Drawing growth through diversity
Presence of grocer H Mart helps attract development to neighborhood
By PURVA PATEL Copyright 2008 Houston Chronicle
Sept. 4, 2008, 11:00PM
Shoppers at Houston's largest Korean grocer, Super H Mart, can find traditional kimchi, dried shrimp and rice cakes.
But they'll also find Japanese udon, Mexican mole and American soda.
Like its Spring Branch neighborhood, H Mart's products reflect a diverse community.
In turn, it has become a magnet for other Korean businesses that don't want to rely solely on Korean customers, slowly transforming the city's unofficial Korea Town.
"The big thing was H Mart opening up in May," said Randy Sim, president of the Korean American Chamber of Commerce of Houston.
"It is a Korean grocery store, but they've got quite an international flair."
H Mart inadvertently found itself catering to everyone, said spokesman Jimmy Kim.
"You have to, to survive," Kim said. "Our strong point is fresh produce and seafood at low prices. So many Westerners come for that."
Property value catalyst
Local Korean business leaders say H Mart's arrival may be the catalyst the area needs to increase property values.
Some small businesses have already relocated from older parts of Korea Town to be closer to H Mart, part of a New Jersey-based chain with 26 stores around the country.
Community leaders estimate Houston's Korean population at about 30,000, though the latest census puts the number of Korean-born immigrants at about 10,000.
Houston pales in comparison to Dallas and Los Angeles, which have direct flights to South Korea that helped make those cities popular among Koreans.
Mimi Youn moved her gift store near Komart Marketplace, a more Korean-focused grocer on Gessner, next to H Mart on Blalock earlier this year to take advantage of its mainstream business.
Sue Kim, owner of Solomon Fine Jewelry & Luxury Goods, closed a location within a different and now-shuttered supermarket to relocate within H Mart.
"I knew H Mart would be an international shop and a good location and draw more business to the area," Kim said. "Every time H-mart opens somewhere, the area grows."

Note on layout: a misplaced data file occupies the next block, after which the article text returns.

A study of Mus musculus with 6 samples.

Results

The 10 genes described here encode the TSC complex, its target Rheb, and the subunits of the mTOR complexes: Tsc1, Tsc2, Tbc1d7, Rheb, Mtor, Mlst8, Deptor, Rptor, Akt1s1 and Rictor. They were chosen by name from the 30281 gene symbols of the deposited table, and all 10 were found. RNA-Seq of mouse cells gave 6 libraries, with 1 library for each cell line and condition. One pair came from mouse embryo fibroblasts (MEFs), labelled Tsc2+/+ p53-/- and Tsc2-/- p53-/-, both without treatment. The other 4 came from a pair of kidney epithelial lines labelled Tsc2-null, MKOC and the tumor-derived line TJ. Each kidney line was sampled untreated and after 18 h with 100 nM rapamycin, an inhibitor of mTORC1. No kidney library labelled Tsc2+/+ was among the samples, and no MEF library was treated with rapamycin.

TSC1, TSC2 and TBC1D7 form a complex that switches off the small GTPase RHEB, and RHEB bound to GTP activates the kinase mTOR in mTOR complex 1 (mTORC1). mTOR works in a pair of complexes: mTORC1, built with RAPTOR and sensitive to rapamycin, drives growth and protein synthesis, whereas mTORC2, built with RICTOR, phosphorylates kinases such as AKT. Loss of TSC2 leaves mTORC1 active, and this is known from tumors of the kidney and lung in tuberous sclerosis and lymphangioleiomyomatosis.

Room for growth
Signs of growth have already started down the street at 1400 Blalock, where developer John Lee has renovated an old shopping strip.
Lee, who moved to Houston from New York in search of investment opportunities, said Houston's Korea Town has room to grow as Asians move from more expensive markets in Los Angeles and New York.
"The other markets, such as Atlanta and New York, are saturated," Lee said. "Houston has a smaller Korean community but a lot of potential."
Lee plans to include Korean and mainstream businesses and hopes that a new and well-built shopping center will raise values and inspire other Koreans to build in the area.
In the past, local Korean businesses hoped to distinguish the area with Korean street signs similar to Chinese signs in Asia Town farther south. The latest push was for a sign off Interstate 10 and Gessner directing drivers to Korea Town.
But local neighborhood groups opposed the efforts.
"There's a strong diversity in our area of Hispanic, Korean and other nationalities," said Chuck Davidson, president of the Spring Branch North Super Neighborhood, a coalition of civic groups in the area.
He added that there are just as many, if not more, Hispanic businesses in the
"We didn't want to single one out. Since English is the official language, we wanted to keep it that way," he said.
A signal to investors
The interstate sign would have helped attract foreign investment, said Kristopher Ahn, a real estate attorney on Long Point and former president of the Korean chamber.
"When a foreign company, especially foreign conglomerates, wants to relocate here in Houston, there are so many different reasons they choose Los Angeles or New York, instead," Ahn said. "Houston, the fourth-largest city, is not known for its diversity as far as the Korean businesses are concerned. The signs would be a sort of welcome mat for foreign investors to come in."